Hook injuries could hamper fish's ability to feed

New research by a marine biology student at the University of Alberta suggests that hook injuries could be hampering the ability of "catch and release" fish to feed.

Researcher and avid angler Melissa Thompson says her findings have changed how she fishes

This golden perch was caught with a lure equipped with barbless hooks, which can still injure the fish and reduce its ability to feed. (Codman/Wikimedia)
Listen8:02

Conservation-minded anglers might not know they may be doing more harm than good when they catch and release their prized fish. 

New research by a marine biology student at the University of Alberta suggests that hook injuries could be hampering the ability of released fish to feed. 

Melissa Thompson has been an avid angler herself since she was two, and did the research while taking a marine biology course through the University of Alberta at the Bamfield Marine Sciences Centre on Vancouver Island.

"What I discovered was when they're hooked correctly in the side of their mouth, it can decrease the suction performance of fish." 

Many fish, like the shiner perch Thompson caught either by barbless hooks or by net to use in her experimental research, feed by sucking water with the prey into their mouth. 

"They open their mouth and they increase the volume in basically the back of their throat," Thompson told Quirks & Quarks host Bob McDonald. "By doing that, it causes all the water in front of the fish to rush into the mouth, and any food or shrimps or tiny fish in front of the fish's mouth gets sucked into the mouth."

Hole in the mouth reduces fish's ability to feed

After an angler removes the hook from a fish's mouth, the suction becomes compromised. Thompson said it's like what happens when you drink out of a bent straw with a hole in it.

"[The fish are] drawing in the water from both in front of the mouth and through the hole through the side. So it just decreases the amount of water that comes from the front of the mouth."

If they have less of a suction, then they're not going to be able to get those really fast prey types like little shrimps or little fish that have a higher chance of escaping.- Melissa Thompson, Former University of Alberta student

The speed at which the injured fish were able to suck in their prey was reduced compared to uninjured fish. Thompson said that affects how precise the fish are when targeting their prey. 

"If they have less of a suction, then they're not going to be able to get those really fast prey types like little shrimps or little fish that have a higher chance of escaping."

She also noticed the fish with holes in their mouth seemed less willing to feed than the uninjured fish. 

All of this has led Thompson to believe the injury a hook leaves behind plays a part in the mortality rates they see for fish caught by catch-and-release. According to established literature, up to a third of fish caught by this method end up dying. 

Overall effects of catch-and-release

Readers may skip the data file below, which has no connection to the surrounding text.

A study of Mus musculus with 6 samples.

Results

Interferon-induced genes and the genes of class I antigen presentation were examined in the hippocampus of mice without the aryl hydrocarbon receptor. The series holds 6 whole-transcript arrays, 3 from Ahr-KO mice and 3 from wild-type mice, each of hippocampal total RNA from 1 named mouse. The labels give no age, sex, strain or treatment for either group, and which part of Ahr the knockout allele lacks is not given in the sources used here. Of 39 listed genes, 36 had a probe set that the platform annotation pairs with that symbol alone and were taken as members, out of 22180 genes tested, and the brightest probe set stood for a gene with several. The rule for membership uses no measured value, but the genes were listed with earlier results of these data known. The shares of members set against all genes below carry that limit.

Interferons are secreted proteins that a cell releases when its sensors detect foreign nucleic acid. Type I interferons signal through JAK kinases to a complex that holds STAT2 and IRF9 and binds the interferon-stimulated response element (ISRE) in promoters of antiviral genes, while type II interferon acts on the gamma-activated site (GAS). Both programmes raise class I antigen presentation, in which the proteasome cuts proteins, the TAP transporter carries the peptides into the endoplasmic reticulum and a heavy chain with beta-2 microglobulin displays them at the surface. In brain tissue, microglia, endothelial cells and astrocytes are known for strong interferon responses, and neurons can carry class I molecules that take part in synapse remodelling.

According to a computational fluid analysis model, the hook injury in the fish didn't fully account for the reduced feeding performance, Thompson observed. She believes stress the fish experiences explains the rest.

When an angler is reeling in a fish, it's struggling to survive. The fish comes in exhausted from the fight they put up as they're reeled in. Then when they're taken out of the water so the angler can get a trophy photo and remove the hook, the fish are essentially suffocating until they're back in the water. 

Approximately one third of fish caught by catch and release end up dying. Scientists think this is due to its reduced ability to feed from the hook injury, as well as stress. (Enzol / Pixabay)

"If the fish is above the surface water for 30 seconds, the stress hormones in its blood don't go down for two hours after," said Thompson based on previous scientific literature. "So [catch-and-release] has a very large effect on the stress hormones. And then other research shows that it's less likely to breed." It also makes the fish more likely to abandon their eggs if they have them. And as she discovered in her study, it also affects their ability to feed.

Thompson says despite what she's discovered, she has no intention of putting down her fishing rod, but it has changed how she fishes. 

"I keep the fish in the water. I try not to disturb the fish's mucousy layer on the outside of it. And I just try to be gentle and give them time to breathe — make sure that they're OK."

And if she does hook one and it looks like it's not going to survive, even if it's not that big or she wasn't planning on having it for dinner, if they're within the allowable size limits, she'll keep it and eat it anyway. 

"It's just good practice."


Correction

  • An earlier version of this story stated that about a third of all fish caught by catch-and-release die. In fact, the mortality rate of different fish species can vary, but generally up to a third of all the fish caught by this method die after being released.